Soilwork / Darkane / Warbringer / Swallow the Sun The Opera House, Toronto ON February 17

Soilwork / Darkane / Warbringer / Swallow the Sun The Opera House, Toronto ON February 17
Photo: Mark Coatsworth
With a chunk of the city's metallers banging heads elsewhere to Cynic and Meshuggah, the Opera House had some room to move last night, but a good turnout showed up for Soilwork and company nonetheless. It was a mostly passionate group as well, many young and eager to collide, salute, and shout their enthusiasm.

First up, Swallow the Sun had close to half an hour to warm up the crowd up with their melodic Finnish doom and gloom, playing material from across their catalogue. Though stacks of others' gear kept them pinned to the front of the stage they managed to convey both vitality and expertise, proving once again that they deserve more time and higher billing.

An abrupt change in direction saw Warbringer step up next, their raw frenzy bringing out more moshing than warfare. Looking young but sounding much older, the Californians channelled their thrash forebears with intensified and coagulated brutality and introduced new material off their upcoming second album. The rest of the night belonged to the Swedes.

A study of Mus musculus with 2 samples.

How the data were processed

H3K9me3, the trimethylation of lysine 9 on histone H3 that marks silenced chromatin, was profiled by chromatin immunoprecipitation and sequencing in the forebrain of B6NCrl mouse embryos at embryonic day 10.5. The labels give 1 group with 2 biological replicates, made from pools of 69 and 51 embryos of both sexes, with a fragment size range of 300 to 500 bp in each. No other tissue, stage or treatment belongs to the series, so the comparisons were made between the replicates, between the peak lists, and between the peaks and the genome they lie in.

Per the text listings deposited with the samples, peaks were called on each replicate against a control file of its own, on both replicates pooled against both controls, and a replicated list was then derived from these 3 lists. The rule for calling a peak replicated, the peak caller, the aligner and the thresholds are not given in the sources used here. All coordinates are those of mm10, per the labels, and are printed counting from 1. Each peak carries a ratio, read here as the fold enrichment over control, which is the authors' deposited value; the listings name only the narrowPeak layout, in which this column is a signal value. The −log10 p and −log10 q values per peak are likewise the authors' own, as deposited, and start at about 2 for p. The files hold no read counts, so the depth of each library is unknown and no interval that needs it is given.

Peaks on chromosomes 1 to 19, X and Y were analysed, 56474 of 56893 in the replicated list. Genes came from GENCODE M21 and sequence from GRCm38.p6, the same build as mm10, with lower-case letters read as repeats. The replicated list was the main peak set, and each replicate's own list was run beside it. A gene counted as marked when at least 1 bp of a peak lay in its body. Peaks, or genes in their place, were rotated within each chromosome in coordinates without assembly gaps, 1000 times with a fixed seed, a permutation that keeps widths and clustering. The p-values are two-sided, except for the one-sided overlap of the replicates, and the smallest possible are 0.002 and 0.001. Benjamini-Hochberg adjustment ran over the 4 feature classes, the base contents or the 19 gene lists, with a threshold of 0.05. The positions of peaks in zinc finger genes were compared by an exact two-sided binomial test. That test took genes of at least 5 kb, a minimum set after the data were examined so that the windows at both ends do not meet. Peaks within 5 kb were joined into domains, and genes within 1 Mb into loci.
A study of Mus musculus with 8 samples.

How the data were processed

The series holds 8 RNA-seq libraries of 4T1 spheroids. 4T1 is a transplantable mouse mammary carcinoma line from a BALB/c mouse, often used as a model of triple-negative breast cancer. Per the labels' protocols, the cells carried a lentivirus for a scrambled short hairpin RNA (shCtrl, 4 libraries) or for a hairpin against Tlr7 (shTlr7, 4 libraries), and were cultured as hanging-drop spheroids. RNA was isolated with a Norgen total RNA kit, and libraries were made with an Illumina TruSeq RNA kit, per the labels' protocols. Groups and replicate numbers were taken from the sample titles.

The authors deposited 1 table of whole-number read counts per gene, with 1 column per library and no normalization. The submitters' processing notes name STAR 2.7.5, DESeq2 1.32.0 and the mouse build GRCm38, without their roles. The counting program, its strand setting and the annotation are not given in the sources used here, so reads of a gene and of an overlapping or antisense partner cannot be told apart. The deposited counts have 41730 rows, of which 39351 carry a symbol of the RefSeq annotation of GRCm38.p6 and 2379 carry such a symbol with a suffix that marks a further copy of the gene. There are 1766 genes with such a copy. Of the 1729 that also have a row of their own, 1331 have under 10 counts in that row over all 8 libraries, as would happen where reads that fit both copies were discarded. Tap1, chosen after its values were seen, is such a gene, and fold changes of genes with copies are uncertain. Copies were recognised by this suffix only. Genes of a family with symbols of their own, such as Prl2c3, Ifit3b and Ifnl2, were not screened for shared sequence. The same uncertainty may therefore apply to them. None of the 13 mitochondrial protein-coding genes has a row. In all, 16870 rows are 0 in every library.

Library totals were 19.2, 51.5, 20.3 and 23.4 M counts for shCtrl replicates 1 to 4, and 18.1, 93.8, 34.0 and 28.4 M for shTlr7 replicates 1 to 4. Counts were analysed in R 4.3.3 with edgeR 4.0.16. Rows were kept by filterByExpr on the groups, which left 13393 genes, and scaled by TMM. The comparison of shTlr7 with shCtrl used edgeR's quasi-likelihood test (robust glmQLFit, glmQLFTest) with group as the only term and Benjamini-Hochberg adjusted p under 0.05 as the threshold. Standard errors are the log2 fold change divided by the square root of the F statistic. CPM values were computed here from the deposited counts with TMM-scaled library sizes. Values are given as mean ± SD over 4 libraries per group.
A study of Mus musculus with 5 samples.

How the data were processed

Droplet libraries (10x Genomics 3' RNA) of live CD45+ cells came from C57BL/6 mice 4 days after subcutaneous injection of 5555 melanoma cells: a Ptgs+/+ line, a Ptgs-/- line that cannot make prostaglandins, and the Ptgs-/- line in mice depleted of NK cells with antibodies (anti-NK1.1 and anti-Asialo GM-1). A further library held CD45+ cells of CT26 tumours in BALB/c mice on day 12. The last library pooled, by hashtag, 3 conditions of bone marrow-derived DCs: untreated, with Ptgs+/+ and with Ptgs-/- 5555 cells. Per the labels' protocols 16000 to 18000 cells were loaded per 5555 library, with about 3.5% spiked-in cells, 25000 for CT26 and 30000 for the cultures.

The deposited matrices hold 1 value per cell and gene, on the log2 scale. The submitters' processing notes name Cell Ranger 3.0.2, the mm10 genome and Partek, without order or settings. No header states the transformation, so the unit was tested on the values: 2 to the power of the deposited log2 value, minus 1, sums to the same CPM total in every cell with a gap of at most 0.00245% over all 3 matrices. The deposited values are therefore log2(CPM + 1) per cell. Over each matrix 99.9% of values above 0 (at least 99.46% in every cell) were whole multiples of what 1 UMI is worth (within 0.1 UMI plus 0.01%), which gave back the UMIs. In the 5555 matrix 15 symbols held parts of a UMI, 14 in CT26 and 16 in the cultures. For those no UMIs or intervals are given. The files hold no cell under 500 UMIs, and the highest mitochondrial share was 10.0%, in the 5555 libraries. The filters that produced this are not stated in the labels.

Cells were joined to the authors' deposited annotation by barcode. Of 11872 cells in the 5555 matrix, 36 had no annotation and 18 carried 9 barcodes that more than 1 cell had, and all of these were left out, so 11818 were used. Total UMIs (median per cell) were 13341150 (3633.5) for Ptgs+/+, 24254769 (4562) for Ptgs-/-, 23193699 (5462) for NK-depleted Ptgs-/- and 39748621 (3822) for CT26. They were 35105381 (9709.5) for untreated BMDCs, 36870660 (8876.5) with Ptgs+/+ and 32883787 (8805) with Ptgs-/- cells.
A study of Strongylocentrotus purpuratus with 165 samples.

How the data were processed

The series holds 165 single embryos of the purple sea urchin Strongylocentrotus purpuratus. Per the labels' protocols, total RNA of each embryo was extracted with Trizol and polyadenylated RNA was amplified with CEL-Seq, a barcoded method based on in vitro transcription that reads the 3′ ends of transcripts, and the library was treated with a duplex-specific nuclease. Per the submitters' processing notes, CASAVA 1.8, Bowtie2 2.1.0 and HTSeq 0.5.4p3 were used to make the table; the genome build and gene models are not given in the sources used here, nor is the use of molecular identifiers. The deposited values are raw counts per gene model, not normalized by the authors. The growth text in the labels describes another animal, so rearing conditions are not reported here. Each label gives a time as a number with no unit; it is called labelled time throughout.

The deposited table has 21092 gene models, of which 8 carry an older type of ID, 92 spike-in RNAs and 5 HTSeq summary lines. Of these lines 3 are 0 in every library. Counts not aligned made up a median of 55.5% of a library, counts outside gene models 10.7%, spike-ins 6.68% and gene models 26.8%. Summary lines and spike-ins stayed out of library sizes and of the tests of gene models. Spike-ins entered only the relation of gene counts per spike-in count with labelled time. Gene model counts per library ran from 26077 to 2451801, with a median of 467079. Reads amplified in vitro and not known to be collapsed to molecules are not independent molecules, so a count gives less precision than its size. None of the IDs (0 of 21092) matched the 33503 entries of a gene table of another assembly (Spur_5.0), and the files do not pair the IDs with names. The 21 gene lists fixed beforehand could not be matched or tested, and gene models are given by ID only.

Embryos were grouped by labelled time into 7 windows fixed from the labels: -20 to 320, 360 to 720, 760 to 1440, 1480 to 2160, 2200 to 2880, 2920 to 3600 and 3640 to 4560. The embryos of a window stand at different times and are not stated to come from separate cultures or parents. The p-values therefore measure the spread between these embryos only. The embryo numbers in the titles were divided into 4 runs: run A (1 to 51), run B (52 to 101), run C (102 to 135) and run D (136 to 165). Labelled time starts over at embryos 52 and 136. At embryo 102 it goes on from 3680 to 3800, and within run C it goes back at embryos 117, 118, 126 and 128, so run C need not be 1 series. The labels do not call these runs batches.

Darkane had less than an hour for their powerhouse set, mixing old standards with a taste of their freshly released Demonic Art. Still, they raged like good-natured pros and expressed their love of Canada, even giving us a slice of the national anthem on guitar. Their set began with hardly discernible vocals and ended in deliberate chaos but in between was solid skill.

Darkane's tempered aggression led into Soilwork's high entertainment. More fun than ferocious, with bassist Ola Flink particularly playing the clown, they pulled out a range of fan-chosen material off their best-loved releases, including a few atypical tracks like "Shadowchild." Good at fan interaction, Soilwork stirred up the packed floor, and though it's unlikely they blow any minds, they delivered the kind of "natural born chaos" we've come to expect.